Survive an Overdose, Go to Jail?


By Victoria Kim 10/12/17

The alderman candidate proposes "getting addicts off the street" by giving jail time to people whose overdoses have been reversed with naloxone.

Bob O'Sullivan's 30-60-90 Plan

A candidate for alderman in Manchester, New Hampshire, is running on a proposal to lock up drug overdose survivors.

Bob O’Sullivan’s “30-60-90 Plan”—outlined in a pamphlet recently mailed out to potential constituents in Ward 2—aims to “get addicts off the street” and stop the cycle of “revive and release.” 

His plan states that a person who is revived with the opioid OD antidote naloxone (aka Narcan) will get 30 days in jail for the first overdose. For the second overdose, 60 days. For the third, 90 days in jail.

O’Sullivan is troubled by the fact that some people follow a pattern of repeat overdose and revival. The Fix’s Tessie Castillo covered this debate in her November 2016 article “Should We Limit How Many Times Someone Is Saved with Naloxone?

Castillo interviewed Mike Page of Wilmington, North Carolina, who has a history of heroin addiction but is now in recovery. “It’s unfortunate that it took as many times as it did for me to change my life but that is the reality of this condition,” he said to The Fix. “For some people, one shot [of naloxone] is all they need. For others it takes multiple opportunities. Who are we to decide how many chances are enough?”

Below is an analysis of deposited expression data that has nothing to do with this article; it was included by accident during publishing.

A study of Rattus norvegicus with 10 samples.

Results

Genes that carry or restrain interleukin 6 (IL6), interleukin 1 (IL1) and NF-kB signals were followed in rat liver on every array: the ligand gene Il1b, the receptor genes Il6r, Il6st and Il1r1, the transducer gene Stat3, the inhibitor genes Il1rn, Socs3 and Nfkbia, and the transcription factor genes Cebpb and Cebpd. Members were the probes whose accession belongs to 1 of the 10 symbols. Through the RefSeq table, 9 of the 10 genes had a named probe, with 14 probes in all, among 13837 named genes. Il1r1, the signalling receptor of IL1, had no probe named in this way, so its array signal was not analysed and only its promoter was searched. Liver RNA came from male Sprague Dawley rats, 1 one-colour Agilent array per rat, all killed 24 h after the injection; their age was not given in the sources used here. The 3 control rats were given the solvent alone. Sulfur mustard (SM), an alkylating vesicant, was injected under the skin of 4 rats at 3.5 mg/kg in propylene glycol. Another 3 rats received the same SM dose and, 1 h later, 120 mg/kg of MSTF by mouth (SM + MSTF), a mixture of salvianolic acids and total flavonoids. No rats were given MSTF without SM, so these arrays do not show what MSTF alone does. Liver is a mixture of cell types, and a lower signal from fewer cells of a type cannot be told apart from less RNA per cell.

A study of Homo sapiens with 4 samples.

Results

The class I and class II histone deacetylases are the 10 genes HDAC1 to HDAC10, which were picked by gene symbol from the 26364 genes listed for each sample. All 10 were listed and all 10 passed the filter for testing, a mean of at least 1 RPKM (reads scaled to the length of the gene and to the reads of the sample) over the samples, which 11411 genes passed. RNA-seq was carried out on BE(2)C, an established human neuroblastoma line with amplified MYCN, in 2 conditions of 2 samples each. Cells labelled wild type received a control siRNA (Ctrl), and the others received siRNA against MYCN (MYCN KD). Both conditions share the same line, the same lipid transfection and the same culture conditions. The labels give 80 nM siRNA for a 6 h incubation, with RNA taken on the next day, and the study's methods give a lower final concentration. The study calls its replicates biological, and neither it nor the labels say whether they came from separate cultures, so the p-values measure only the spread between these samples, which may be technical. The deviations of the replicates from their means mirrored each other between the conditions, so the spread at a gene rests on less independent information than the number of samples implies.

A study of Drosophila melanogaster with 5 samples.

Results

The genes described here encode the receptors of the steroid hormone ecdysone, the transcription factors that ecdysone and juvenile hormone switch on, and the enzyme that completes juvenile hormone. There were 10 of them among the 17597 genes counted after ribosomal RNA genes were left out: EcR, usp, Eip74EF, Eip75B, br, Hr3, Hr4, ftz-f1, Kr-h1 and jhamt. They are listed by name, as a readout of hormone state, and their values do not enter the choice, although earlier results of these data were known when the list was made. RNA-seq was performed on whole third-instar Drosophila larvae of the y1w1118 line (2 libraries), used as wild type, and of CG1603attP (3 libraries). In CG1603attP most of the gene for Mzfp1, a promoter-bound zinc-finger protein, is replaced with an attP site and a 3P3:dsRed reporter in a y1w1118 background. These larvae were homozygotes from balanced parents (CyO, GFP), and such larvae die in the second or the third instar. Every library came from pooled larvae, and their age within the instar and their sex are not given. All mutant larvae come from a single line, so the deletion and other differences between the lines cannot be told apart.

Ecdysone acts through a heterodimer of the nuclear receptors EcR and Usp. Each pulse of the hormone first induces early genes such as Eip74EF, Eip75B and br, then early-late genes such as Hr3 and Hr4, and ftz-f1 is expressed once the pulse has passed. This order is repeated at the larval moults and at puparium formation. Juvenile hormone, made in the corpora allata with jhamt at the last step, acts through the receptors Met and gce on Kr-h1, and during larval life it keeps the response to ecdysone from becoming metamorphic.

But people like O’Sullivan aren’t convinced the current approach to solving the drug crisis and rising ODs is the right one. “If we don’t make a change, then nothing changes. We need to change the way we’re looking at this crisis,” said the candidate.

O’Sullivan says a “community intervention” is needed—but that current efforts aren’t hitting the mark. “Right now, the plan is revive and release. We revive these poor souls that are addicted to these terrible opioids. If Narcan is administered, they’re brought to the hospital and they’re released, and unless they get help, they’re going to continue to make poor choices.”

The candidate claims that there’s a free unit with 96 beds at the Valley Street Jail that could potentially receive OD survivors if his proposal is implemented. There, the inmates will have the opportunity to “detox” under medical supervision and receive counseling, he said.

Other municipalities, like Colerain township in Ohio, have tried a different approach to stop the cycle of drug use and overdose: post-naloxone outreach programs that try and connect “with people who have recently overdosed to offer resources on overdose prevention” and mental health and addiction treatment services.

Addiction advocate Ryan Hampton took to Facebook to denounce the proposal. "I am outraged and disgusted by Bob O’Sullivan’s plan to combat the opioid crisis. He’s proposing to lock us all up through his 30-60-90 day plan when someone overdoses," he wrote. "Legislation like this will set a dangerous precedent nationwide. For what it costs to send someone to jail, we could certainly pay for treatment. Sorry Bob—this has been tried in the past...and it doesn’t work."